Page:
Everyone approaches outlining differently. Should you use one? Is plotting a waste of time? I'm just ten pages into a manuscript right now and the outline is pretty sketchy. Basically, it just covers whom I'm murdering, how it was done, who did it, and a couple of clues I dreamed up. Flimsy stuff.
I've written more about the characters, though. Since my books are character-driven, it's important for them to pop on the page. I have a Word doc that lists the characters, what I think their names are (could change at a moment's notice), and their personalities and motivation. I also have a Word doc that's scattered with bits of conversation and out of sequence scenes. To organize this mess (most writers are probably yards ahead of me on the organization bandwagon), I have a folder in My Documents named with my WIP's title. Inside the folder, I have: the work-in-progress itself; a document with the sketchy, ever-changing outline; a document with the book blurb on it (crazy, but the blurb helps me focus the book's premise); a doc with the characters' traits; and a document with random parts of the book to be stuck in later.
Helpful Free Software for Brainstorming and Plotting: http://freemind.sourceforge.net/wiki/index.php/Download Included is a Wiki that tells more about the product. Basically, you can use it to create a mind-map (visual outline with bubbles, branches, nodes, etc.) To see screenshots of some FreeMind maps, look here:
Interesting blogs for writers and readers interested in the publishing process: http://pubrants.blogspot.com/ --I enjoy this agent's outlook, http://jetreidliterary.blogspot.com --another good agent blog, http://www.accrispin.blogspot.com/ --Writer Beware, http://editorialass.blogspot.com/ --an interesting look into an editor's life, http://editorialanonymous.blogspot.com/ --funny commentary by a children's book editor. It's hard to find time to read industry-related blogs when you're a writer, but when there's nothing on TV, give it a go. There's some good stuff there. Just subscribe to the feed at the bottom of each page and your computer will let you know when there's something new to read. I have noticed a definite drop in content while the Olympics have been running, so check the archives from a couple of weeks ago on any blogs you read.
Top Movies for Mystery Lovers: Check out this list, courtesy of the American Film Institute, of the top 10 mystery films of all time: http://www.afi.com/10TOP10/mystery.html . Definitely some great material to order from Netflix, TiVo on AMC or TCM, or even to check out from the local library's DVD collection. Alfred Hitchcock rocked. I love gentle Jimmy Stewart but my favorite movie on the list is probably North by Northwest. Because, well...it's Cary Grant. He's in a terrible mess: he's a victim of mistaken identity, his beautiful suit was ruined during a ghastly chase-- I just want to save him. And take his suit to the cleaners. The film culminates with an amazing struggle on Mount Rushmore.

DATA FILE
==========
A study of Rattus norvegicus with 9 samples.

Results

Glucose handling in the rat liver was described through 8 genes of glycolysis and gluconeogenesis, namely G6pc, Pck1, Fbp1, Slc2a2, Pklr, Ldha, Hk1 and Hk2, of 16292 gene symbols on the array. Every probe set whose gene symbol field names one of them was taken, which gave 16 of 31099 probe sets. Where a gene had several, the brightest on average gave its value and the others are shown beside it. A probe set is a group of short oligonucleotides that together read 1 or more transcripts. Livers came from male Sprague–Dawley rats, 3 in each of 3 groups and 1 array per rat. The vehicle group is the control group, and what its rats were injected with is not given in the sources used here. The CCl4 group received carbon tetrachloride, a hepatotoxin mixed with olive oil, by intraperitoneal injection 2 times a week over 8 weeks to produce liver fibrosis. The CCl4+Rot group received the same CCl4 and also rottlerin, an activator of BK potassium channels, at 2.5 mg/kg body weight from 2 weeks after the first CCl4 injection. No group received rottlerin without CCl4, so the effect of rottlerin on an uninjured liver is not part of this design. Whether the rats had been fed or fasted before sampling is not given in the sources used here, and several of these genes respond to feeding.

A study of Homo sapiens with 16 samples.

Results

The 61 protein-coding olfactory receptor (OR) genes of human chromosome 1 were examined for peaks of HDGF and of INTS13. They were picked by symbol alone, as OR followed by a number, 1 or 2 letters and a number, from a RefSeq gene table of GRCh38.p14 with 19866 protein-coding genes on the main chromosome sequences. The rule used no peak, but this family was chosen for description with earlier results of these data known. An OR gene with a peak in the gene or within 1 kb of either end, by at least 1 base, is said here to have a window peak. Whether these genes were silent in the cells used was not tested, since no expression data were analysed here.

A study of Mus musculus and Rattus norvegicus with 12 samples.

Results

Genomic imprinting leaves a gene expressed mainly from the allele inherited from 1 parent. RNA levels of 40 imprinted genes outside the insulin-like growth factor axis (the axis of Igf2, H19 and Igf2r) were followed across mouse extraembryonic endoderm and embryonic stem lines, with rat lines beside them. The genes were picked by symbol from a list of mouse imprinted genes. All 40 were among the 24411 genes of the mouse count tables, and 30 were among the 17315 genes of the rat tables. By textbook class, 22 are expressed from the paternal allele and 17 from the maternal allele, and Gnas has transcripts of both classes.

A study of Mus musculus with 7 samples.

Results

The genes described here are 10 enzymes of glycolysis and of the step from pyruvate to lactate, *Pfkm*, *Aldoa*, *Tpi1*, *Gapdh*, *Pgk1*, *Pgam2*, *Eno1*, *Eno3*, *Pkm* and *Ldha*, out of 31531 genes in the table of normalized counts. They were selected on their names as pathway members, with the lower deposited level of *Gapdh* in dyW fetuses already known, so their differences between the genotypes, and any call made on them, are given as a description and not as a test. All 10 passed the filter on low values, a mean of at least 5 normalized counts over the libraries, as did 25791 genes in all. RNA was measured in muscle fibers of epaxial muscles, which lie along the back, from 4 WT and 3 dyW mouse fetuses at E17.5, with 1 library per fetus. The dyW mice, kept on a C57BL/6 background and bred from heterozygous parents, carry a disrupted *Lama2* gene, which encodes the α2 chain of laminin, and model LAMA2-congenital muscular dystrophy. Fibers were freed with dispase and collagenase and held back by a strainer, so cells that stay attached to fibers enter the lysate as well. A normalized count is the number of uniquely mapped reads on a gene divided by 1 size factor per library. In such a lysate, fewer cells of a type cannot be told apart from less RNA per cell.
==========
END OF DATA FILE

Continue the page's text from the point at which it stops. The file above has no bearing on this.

Quickie review of Death of a Gentle Lady by M.C. Beaton: I'm a huge Hamish Macbeth fan and my Scottish blood longs to steer me in the direction of Lochdubh. Really, Beaton can't go wrong with me with the combination of Hamish and Lochdubh. If you're already a Beaton fan, you'll run--not walk--to the nearest bookstore. Scurry home with it, steep some tea, and catch up with your favorite Scottish characters.
That being said, I've read all her other Hamish mysteries and this particular one left me with a "meh" feeling. Just sort of so-so. I loved catching back up with my favorite characters (regulars in her series) and thought the choice of victim was perfect. But there were a couple of times I had to suspend my disbelief. And it wasn't easy. Childhood abuse playing a role twice in the same book and with two different characters? Hmph. I'm wondering if Beaton's editor didn't do a read-through. This blip could have been easily corrected for smooth reading.
In summary, definitely read the book if you're already a fan. If you're new to the series, start out with one of Beaton's earlier books--maybe even start out at the beginning with Death of a Gossip. If you like cozies, you won't be disappointed.
Next time I'll do a quickie review of Deborah Crombie's new release, Where Memories Lie. To Do: I'm reading The House at Riverton, writing at least a chapter on the new cozy, and navigating the waters of a new school year with my children. Oh, and helping my son sell 35 pounds of BBQ for Boy Scouts. Anyone? Anyone?